Work - Life Balance

Women [and men] today are seeking greater flexibility in their jobs to balance more effectively their work and family responsibilities. Lack of such arrangements often forces women to opt out of pursuing their career goals. When they return to work, women find themselves at a disadvantage in terms of earnings, opportunities and promotions. Employers who adopt more flexibility in the workplace allow women and men to lead more productive and effective lives.

The MetLife Study of Women, Retirement, and the Extra-Long Life

Though women experience extra-long lives and, therefore, face a number of unique risks in retirement — including aging single, lower annual retirement incomes, greater health care costs, and caregiving responsibilities — women have not planned adequately, leading to a significant gap between their retirement income security needs and their response to them. In conjunction with the study we have produced a "Woman on the Street" video where women express their opinions on retirement preparation.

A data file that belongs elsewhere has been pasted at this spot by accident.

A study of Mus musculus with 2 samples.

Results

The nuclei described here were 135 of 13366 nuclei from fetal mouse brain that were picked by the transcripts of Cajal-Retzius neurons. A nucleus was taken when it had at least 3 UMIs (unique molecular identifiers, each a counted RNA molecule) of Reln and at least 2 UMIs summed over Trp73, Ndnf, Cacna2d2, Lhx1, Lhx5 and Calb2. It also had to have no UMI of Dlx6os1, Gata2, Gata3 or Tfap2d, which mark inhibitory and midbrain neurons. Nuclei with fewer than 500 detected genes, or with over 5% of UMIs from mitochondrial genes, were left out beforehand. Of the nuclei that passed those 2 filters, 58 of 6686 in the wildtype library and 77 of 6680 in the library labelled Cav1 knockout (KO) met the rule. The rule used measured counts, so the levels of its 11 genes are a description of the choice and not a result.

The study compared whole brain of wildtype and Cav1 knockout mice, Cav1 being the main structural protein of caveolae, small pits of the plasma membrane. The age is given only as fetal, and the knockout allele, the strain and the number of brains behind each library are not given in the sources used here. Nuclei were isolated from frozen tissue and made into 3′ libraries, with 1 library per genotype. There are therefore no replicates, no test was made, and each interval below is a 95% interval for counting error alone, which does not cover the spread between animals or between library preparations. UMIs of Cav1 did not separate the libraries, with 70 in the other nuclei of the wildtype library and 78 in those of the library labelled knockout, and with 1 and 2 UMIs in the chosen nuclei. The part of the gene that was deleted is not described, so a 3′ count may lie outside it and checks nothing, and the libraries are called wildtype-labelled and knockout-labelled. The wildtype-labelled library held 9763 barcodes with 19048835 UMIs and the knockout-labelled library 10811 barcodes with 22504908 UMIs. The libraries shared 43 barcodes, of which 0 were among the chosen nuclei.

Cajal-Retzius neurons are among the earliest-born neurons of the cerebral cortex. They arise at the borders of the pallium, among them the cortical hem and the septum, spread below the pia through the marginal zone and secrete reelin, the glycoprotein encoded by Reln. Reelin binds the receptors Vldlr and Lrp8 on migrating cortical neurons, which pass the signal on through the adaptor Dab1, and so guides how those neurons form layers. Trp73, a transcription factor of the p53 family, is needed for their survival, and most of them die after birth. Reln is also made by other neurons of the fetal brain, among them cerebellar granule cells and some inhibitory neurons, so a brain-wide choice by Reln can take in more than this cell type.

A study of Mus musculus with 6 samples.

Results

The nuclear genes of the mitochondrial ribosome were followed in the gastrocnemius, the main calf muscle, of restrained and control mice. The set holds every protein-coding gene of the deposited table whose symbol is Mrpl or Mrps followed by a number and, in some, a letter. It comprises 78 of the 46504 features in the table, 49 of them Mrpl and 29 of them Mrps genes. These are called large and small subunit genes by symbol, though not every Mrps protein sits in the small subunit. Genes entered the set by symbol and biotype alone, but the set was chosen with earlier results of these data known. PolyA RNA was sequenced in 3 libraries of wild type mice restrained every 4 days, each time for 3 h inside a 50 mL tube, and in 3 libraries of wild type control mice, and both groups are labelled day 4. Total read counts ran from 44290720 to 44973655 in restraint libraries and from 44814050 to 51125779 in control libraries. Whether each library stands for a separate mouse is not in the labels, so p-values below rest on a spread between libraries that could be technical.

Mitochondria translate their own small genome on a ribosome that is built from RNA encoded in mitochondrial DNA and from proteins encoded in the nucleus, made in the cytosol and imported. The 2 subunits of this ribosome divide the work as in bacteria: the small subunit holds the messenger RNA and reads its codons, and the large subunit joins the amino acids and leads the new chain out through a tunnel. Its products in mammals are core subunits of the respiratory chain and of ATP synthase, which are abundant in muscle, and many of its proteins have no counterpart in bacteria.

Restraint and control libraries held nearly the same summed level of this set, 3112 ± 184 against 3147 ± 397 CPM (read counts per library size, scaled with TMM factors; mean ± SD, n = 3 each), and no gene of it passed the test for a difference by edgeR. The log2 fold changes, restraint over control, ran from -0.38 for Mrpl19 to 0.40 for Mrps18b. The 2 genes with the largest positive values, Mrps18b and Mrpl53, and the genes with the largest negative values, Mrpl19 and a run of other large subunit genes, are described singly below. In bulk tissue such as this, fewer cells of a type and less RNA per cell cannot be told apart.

Key Findings

 

URL: 
http://www.metlife.com/mmi/research/women-retirement-extra-long-life.html#findings

Who's Minding the Kids? Child Care Arrangements: Spring 2010: One-Third of Fathers with Working Wives Regularly Care for Their Children, Census Bureau Reports

Among fathers with a wife in the workforce, 32 percent were a regular source of care for their children under age 15, up from 26 percent in 2002, the U.S. Census Bureau reported today. Among these fathers with preschool-age children, one in five fathers was the primary caregiver, meaning their child spent more time in their care than any other type of arrangement.